University of Toronto researchers have discovered a new mechanism for the neurodegenerative effects of amphetamines. These drugs are converted in the brain into free radicals, highly reactive molecules that cause neurodegenerative brain damage and whose effects manifest and linger long after the amphetamine has left the body.
New Mechanism Found For Neurodegenerative Effects Of Amphetamines In Mice
"The question of whether amphetamines like ecstasy (MDMA) or methamphetamine (METH) cause neurodegeneration in humans is one of the most controversial areas in science today," says Professor Peter Wells of the Leslie Dan Faculty of Pharmacy, lead author of the study that appears in the April issue of the journal of the Federation of American Societies for Experimental Biology (FASEB Journal). "The short-term effects of these drugs -- hypothermia, electrolyte imbalances and an elevated risk of heart attack -- are well understood, but not their long-term consequences."
Wells and doctoral students Winnie Jeng, Annmarie Ramkissoon and Toufan Parman theorized that prostaglandin H synthase (PHS) -- an enzyme that synthesizes a range of hormones throughout mammalian life -- is the catalyst that transforms amphetamines into free radical products that react with oxygen in the body to enhance the formation of highly toxic reactive oxygen species. These toxic forms of oxygen are implicated in neurodegenerative diseases such as Alzheimer's and Parkinson's because of the increased oxidative stress they place on the body, resulting in irreversible damage to DNA, proteins and lipid membranes. Organs such as the brain, which lack abundant antioxidant protection, are particularly vulnerable to oxidative stress.
To approximate an acute human exposure, the researchers administered four doses of either MDA (the major metabolite of ecstasy) or METH at two-hour intervals to young adult mice. In the case of MDA, before the first drug injection an additional group of mice was given a single dose of aspirin (acetylsalicylic acid), which is known to inhibit PHS and block its ability to convert drugs to free radical products. Over a six-month period, following the single day's treatment of MDA or METH, the mice were observed and had their motor co-ordination tested by walking on a rotating rod. Normally, mice balance easily on the rods for extended periods. Within two weeks of the last treatment, all the mice given MDA or METH without aspirin had trouble with this task and remained disabled for at least six months. These mice also exhibited enhanced molecular damage to the DNA in their brains and a loss of nerve terminals that remained for at least one week after exposure to MDA or METH. The mice pretreated with aspirin had less molecular damage to their DNA and fewer motor disabilities, suggesting that the neurodegenerative effects of MDA are dependent upon its conversion by PHS into a reactive free radical product.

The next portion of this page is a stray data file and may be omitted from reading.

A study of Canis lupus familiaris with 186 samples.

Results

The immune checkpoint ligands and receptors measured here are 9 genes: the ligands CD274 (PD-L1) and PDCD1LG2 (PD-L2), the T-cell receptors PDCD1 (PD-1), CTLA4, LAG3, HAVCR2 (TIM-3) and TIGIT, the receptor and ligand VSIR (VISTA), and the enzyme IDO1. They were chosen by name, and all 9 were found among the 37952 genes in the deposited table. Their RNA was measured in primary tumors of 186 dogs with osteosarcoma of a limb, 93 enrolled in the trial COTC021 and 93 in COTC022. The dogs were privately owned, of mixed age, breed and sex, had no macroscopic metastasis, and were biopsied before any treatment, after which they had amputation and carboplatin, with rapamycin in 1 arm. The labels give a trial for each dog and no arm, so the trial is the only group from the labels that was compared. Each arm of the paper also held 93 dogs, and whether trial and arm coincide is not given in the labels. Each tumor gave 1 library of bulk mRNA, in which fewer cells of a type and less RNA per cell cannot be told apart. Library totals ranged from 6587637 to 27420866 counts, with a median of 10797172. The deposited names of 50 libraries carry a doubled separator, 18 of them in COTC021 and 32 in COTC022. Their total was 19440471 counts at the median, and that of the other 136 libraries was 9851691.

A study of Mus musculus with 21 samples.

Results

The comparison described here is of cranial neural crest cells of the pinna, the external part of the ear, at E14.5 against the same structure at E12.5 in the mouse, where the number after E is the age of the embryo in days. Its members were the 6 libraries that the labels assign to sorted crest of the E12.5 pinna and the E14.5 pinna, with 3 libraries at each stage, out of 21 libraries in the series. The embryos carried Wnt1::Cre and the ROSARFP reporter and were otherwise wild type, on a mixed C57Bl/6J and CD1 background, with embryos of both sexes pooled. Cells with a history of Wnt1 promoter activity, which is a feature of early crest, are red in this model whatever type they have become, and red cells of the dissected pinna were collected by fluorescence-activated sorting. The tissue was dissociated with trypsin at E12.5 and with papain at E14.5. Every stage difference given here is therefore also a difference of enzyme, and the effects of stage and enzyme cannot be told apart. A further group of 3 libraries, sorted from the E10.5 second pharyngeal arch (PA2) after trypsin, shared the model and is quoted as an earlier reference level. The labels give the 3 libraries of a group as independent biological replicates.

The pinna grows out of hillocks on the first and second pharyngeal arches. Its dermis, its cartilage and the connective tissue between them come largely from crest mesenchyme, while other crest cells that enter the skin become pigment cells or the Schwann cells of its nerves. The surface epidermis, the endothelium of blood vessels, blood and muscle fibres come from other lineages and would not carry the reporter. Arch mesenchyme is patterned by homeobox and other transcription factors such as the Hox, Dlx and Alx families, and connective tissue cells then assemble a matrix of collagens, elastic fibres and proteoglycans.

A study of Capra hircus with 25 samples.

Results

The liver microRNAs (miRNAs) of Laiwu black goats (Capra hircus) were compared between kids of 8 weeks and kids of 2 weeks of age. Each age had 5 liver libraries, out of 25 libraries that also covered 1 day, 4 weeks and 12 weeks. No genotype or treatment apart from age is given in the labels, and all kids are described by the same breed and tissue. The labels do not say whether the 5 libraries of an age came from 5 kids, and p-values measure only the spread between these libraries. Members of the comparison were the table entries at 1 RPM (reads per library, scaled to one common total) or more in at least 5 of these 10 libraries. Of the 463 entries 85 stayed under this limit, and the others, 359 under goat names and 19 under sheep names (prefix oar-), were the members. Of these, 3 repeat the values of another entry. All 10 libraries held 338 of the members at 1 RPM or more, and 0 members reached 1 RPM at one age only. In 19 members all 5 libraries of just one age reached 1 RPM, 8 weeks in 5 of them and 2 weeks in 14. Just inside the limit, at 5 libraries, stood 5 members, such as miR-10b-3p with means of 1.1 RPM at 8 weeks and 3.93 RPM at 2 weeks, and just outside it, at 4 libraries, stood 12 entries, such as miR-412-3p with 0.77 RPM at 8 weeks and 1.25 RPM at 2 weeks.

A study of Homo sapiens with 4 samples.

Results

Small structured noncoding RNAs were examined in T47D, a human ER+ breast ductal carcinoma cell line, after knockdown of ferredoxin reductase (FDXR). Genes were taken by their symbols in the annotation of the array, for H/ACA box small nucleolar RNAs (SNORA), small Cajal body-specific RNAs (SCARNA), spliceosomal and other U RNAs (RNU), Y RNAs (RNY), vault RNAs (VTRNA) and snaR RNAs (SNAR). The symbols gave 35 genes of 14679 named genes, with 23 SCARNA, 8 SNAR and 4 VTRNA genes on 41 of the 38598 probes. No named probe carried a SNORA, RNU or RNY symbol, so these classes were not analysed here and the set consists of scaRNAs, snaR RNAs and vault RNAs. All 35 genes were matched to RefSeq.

"Our findings reveal how exquisitely susceptible brains are to this kind of damage, at least in mice," Wells says. "The long-term negative effects in the mice treated with MDA or METH all resulted from a single day's dosage that approximated the higher range of human exposures."
Although the team's findings cannot be extrapolated to humans without further study, Wells believes they do suggest a novel mechanism through which amphetamines may contribute to neurodegeneration.
"Our hypothesis about PHS-catalyzed conversation may also be relevant to the neurodegenerative risks associated with aging," he says. "Preliminary results from other studies suggest that PHS may convert other compounds in our brains into free radicals, and there is some evidence in the clinical literature that suggests patients who take high doses of PHS-inhibiting drugs such as aspirin may experience less neurodegeneration. The potential of substances like aspirin to prevent neurodegenerative damage merits more examination, particularly among people who take it chronically for pain."